Imaggeo on Mondays: Amazonian floodplain

“Amazonian floodplain” by Jürgen Kesselmeier, distributed by the European Geosciences Union under a Creative Commons licence.

After the Nile, the Amazon River is the second longest river in the world and, by releasing up to 300,000 cubic metres per second into the Atlantic Ocean, accounts for approximately one-fifth of the planet’s total river flow. The river and its tributaries are characterised by extensive annual flooding of over 350,000 square kilometres of forested areas. Floodplain water levels may exceed 9m.

Not all of the Amazon’s tributaries flood simultaneously each year. For example, many branches begin to flood in November and continue to rise until June, whereas the Rio Negro starts rising in February or March.

The freshwater ecosystems of the Amazon floodplain are vital repositories of biodiversity, hosting fish, reptiles, and other aquatic animals normally inhabiting the river’s main water channels but migrating to newly-flooded areas in order to feed and reproduce. The region’s flora also relies on the annual flooding cycle: seeds are dispersed by the water and by fruit-eating animals and fish that thrive in the temporary wetlands.

This view of the flooded forest was captured by Jürgen Kesselmeier, a biogeoscientist at the Max-Planck-Institut für Chemie, Mainz, Germany. He explains, “I took this picture at the end of April 2008 during one of my visits to the Amazonian rainforest, in the Várzea, or ‘floodplain’ region of the Rio Solimoes near Manaus (shortly before this river joins the Rio Negro). This area is known to show a flood pulse of 10-15m, meaning the water level of these river systems fluctuates by 10-15m on a regular basis every year. This picture was shot near the time of maximum flooding and therefore large areas were inundated. It features a magical-looking forest and, to me, offers a glimpse into just why this ecosystem is so special.”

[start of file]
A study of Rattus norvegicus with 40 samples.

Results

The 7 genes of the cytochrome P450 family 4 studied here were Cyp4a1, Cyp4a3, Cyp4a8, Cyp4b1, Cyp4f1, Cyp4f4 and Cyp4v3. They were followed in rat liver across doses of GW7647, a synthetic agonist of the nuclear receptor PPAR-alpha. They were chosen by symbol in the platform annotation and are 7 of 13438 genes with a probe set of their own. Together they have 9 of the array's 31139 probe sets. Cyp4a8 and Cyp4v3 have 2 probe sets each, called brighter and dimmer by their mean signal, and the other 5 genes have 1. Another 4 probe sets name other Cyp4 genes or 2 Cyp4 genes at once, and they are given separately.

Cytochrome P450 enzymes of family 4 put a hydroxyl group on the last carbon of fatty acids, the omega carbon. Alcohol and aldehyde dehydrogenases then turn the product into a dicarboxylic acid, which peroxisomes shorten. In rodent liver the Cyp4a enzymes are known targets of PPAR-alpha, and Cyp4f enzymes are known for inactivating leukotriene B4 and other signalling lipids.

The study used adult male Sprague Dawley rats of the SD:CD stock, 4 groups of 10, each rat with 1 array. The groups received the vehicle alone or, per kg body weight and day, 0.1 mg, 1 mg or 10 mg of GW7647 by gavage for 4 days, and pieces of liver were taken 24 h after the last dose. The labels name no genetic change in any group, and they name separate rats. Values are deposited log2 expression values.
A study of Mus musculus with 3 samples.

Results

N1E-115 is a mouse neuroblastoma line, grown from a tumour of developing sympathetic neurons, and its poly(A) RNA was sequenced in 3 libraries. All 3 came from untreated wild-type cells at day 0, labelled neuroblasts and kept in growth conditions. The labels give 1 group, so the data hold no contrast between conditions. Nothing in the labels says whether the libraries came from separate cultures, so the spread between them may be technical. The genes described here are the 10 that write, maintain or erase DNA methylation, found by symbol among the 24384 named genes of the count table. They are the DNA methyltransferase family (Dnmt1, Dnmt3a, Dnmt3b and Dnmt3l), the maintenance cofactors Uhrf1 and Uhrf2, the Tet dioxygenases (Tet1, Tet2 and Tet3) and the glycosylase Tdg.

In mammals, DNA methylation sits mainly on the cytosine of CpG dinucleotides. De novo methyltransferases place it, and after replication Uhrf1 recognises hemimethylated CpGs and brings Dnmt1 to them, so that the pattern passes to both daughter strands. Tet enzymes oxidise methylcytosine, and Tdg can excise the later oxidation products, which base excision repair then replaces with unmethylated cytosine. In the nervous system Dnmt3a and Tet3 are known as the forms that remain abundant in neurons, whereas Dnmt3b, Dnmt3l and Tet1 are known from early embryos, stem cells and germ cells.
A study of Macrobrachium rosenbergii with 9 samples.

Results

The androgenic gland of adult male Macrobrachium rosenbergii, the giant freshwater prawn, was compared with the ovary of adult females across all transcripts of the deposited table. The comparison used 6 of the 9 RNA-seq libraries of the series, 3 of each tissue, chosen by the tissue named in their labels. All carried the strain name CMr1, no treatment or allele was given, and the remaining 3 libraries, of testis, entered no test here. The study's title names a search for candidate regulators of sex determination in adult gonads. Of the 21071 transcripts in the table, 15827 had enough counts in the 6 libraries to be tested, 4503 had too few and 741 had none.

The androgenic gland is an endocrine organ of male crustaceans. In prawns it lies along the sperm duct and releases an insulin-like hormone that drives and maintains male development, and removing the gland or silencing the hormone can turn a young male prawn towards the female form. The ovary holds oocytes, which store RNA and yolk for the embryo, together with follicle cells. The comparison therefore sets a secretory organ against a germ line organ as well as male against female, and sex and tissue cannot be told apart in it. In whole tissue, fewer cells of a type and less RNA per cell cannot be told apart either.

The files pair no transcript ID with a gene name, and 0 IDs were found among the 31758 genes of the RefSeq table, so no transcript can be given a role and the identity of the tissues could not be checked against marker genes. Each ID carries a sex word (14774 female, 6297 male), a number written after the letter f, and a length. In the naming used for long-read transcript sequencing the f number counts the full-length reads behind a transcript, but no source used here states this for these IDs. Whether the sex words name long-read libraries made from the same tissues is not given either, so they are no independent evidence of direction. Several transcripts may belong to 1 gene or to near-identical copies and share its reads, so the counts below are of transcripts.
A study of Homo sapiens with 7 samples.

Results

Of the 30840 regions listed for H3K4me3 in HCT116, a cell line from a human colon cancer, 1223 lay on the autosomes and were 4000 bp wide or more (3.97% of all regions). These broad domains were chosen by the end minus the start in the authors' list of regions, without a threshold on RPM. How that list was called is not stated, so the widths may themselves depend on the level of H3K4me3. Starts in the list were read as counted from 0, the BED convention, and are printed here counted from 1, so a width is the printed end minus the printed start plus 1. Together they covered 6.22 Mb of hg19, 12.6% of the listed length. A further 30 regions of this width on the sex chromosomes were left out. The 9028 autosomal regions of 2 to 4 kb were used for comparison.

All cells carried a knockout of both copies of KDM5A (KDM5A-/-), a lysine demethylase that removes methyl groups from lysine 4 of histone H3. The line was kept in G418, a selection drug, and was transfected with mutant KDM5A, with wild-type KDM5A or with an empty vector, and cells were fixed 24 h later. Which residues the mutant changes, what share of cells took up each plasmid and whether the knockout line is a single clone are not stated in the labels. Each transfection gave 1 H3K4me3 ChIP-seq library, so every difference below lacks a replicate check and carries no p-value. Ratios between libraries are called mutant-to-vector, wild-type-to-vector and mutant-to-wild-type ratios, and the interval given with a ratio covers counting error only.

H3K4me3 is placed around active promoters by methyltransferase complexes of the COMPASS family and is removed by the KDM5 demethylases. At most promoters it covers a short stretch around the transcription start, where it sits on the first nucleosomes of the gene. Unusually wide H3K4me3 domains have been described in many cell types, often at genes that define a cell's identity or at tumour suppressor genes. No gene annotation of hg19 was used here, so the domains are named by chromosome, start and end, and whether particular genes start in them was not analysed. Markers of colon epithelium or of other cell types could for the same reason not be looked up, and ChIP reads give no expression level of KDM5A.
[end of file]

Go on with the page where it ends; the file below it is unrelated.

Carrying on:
Logging and the clearing of land for cattle ranching change the Amazonian floodplain landscape. Overfishing, the construction of dams and roads, and pollution, from nearby human habitations and gold mining in smaller streams, also threaten the local ecosystem.

Imaggeo is the EGU’s online open access geosciences image repository. All geoscientists (and others) can submit their images to this repository and since it is open access, these photos can be used by scientists for their presentations or publications as well as by the press and public for educational purposes and otherwise. If you submit your images to Imaggeo, you retain full rights of use, since they are licensed and distributed by the EGU under a Creative Commons licence.

Bárbara Ferreira was the Media and Communications Manager of the European Geosciences Union from 2011 to 2019. Bárbara has also worked as a science writer specialising in astrophysics and space sciences, producing articles for the European Space Agency and others on a freelance basis. She has a PhD in astrophysics from the University of Cambridge.